With vaccines on the way, what's next? Experts discuss challenges, potential inequities in distribution

Despite the excitement and relief brought by news of highly effective COVID-19 vaccines that will likely soon be approved by U.S. regulators, their large-scale manufacturing and distribution is wrought with issues and complexities. 

At a Thursday media briefing, four Duke experts discussed the challenges involved in both the manufacture and distribution of a COVID-19 vaccine and the inequities that could arise in the process.

Thomas Denny, chief operating officer of the Duke Human Vaccine Institute, acknowledged the remarkable achievement in the recent announcement of high-efficacy vaccines by Pfizer and Moderna, but acknowledged that many challenges lie ahead. 

“Manufacturing and scale-up is a challenge. Whenever you do something of this size there’s probably going to be setbacks along the way,” Denny said. “Batches that don’t meet quality control won’t be able to be released.”

He added that there is still work to do, and we need to be thinking about the “long-term efficacy of these vaccines.” 

“We know the data is suggesting good efficacy signals in the short term, but how does that hold up?” he said.

Gavin Yamey, a professor of the practice of global health and public policy, noted that bringing the coronavirus pandemic under control relies on the global vaccination of not just rich countries but also poor countries. He said that currently, the pattern resembles that of pandemics of the past—one of inequitable distribution to mostly wealthy nations.

“Rich countries are hoarding the vaccine,” Yamey said. “Over 80% of the [Pfizer and Moderna] vaccines have already been purchased by rich nations. Poor nations left behind. That is an enormous concern.” 

David McAdams, professor of business administration at the Fuqua School of Business, noted that this global race for vaccine development does not have to be a “zero-sum game,” and that there were things richer countries could do to benefit both themselves and poorer parts of the world.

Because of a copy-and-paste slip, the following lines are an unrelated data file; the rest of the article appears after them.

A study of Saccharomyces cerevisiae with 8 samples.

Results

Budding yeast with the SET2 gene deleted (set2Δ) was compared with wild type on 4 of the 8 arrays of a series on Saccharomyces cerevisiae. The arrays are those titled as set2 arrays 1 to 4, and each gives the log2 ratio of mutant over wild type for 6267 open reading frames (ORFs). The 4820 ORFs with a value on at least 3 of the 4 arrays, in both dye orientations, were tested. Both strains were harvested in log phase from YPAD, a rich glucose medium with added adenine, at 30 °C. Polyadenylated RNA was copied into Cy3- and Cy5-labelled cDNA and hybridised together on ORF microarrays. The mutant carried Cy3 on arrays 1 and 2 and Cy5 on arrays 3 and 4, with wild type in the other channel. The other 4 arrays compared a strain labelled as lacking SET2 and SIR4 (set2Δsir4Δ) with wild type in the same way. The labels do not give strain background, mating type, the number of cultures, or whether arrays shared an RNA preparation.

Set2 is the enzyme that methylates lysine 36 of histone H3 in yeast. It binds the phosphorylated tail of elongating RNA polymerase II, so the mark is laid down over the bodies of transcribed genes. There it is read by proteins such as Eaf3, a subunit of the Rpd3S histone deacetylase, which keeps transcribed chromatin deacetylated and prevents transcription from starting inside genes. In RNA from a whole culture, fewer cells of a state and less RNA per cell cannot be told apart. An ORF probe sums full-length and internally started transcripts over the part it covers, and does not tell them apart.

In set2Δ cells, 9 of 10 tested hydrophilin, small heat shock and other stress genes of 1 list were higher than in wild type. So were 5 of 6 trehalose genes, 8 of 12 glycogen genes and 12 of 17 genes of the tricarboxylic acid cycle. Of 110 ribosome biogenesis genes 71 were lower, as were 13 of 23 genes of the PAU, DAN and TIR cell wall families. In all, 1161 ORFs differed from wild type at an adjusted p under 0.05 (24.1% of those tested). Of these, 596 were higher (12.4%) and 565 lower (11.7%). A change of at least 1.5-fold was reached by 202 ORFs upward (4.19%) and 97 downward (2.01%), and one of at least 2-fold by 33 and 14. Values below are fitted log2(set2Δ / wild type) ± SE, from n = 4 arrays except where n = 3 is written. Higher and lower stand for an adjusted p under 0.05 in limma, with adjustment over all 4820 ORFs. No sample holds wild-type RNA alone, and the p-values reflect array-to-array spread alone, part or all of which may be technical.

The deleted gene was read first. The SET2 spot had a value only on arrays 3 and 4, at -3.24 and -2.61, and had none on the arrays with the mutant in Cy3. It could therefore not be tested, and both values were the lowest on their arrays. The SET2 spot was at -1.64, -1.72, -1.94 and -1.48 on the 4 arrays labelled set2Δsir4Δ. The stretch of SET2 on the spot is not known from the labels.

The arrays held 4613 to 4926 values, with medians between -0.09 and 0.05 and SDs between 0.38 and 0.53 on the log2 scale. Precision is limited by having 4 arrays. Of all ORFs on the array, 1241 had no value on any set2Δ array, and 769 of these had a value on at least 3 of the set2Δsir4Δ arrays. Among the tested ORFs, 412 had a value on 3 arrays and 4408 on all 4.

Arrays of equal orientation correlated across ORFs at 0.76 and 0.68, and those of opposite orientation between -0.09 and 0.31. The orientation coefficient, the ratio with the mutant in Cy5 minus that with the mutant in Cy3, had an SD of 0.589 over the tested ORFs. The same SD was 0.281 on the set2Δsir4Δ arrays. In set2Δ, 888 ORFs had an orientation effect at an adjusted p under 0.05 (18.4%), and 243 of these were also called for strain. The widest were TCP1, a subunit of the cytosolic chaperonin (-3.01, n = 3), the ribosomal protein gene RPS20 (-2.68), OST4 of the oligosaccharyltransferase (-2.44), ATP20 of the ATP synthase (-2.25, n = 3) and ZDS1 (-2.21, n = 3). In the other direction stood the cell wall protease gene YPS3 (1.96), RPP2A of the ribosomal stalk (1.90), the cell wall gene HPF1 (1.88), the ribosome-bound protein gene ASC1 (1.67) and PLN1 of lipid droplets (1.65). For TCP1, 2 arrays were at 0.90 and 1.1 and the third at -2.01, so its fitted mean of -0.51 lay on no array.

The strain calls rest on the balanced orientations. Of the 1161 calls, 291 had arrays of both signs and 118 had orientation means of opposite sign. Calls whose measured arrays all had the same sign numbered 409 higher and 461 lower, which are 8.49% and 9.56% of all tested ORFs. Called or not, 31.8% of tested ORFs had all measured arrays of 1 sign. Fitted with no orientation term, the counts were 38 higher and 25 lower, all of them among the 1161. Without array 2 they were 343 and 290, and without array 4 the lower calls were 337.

“The most important is through transferring know-how and capabilities,” McAdams said. “We’ve already seen this in the relationship between the Oxford vaccine with the SERUM institute in India.”

As with any novel vaccination distribution effort, a major logistical concern is cost. Arti Rai, Elvin R. Latty professor of law, said that costs vary by country—often inequitably.

“In general it appears that the rich world will be able to pay what’s necessary so individual people in the rich world don’t have to pay exorbitant prices or any price at all,” Rai said. “Price may be an issue in the developing world, and that’s a very important issue.” 

Yamey added that the COVID-19 pandemic has seen a disproportionate amount of deaths of Black, Latinx and Native Americans, and vaccination efforts could see disparities along these same lines. He outlined these challenges and emerging measures to combat this. 

“[The National Academy of Medicine] recommended that people of color should be early in prioritization,” Yamey said. “They also recommended people who are in jails, prisons, ICE detention centers, juvenile detention centers, those who are homeless—people who are at higher risk should be vaccinated early.” 

Beyond racial and income disparities in vaccine access, Denney noted that there are hurdles in vaccination efforts because some communities may be suspicious of early vaccination because of the legacy of medical experimentation. 

“I believe we need what I’m calling vaccine ambassadors for every community setting,” Denny said. “It has to go down to every level, into local communities where community leaders, church leaders, other people that have status within a community say, ‘This is safe, this is good, we must do it.’ If you see that, I think you’ll see people more willing to take the vaccine early on.”

Denney added that the process of the vaccine’s approval may still take some time—even after late-stage trial results showed astounding levels of efficacy. Although the United Kingdom has already deemed the Pfizer vaccine safe to use, the United States still awaits, due to differences in each country’s regulatory approach, said Greg Phillips, director of global communications and the moderator at the briefing.

“[The] FDA digs a lot deeper to look at all the records coming in, to look at source documentation, where the U.K. system is a bit more … take what is given to them and [they] don’t necessarily go back to source documents,” Denney said.

The vaccine serves a beacon of hope, but precautionary measures like social distancing and wearing masks are likely here to stay in the near future until enough people become vaccinated, Denney said. He said that with two vaccines with 95% of efficacy, getting 50% of the population covered would “put us on a great trajectory” to start eliminating the coronavirus. He added that through the majority of 2021, he believes “we’ll still be behaving like we’re behaving now.”

“I see 2021 as a transition year. As we begin to get more people vaccinated—and I think it’ll take us at least into the second quarter, end of second quarter to see large numbers there—slowly we’ll come out of the social distancing, and less masking,” Denny said.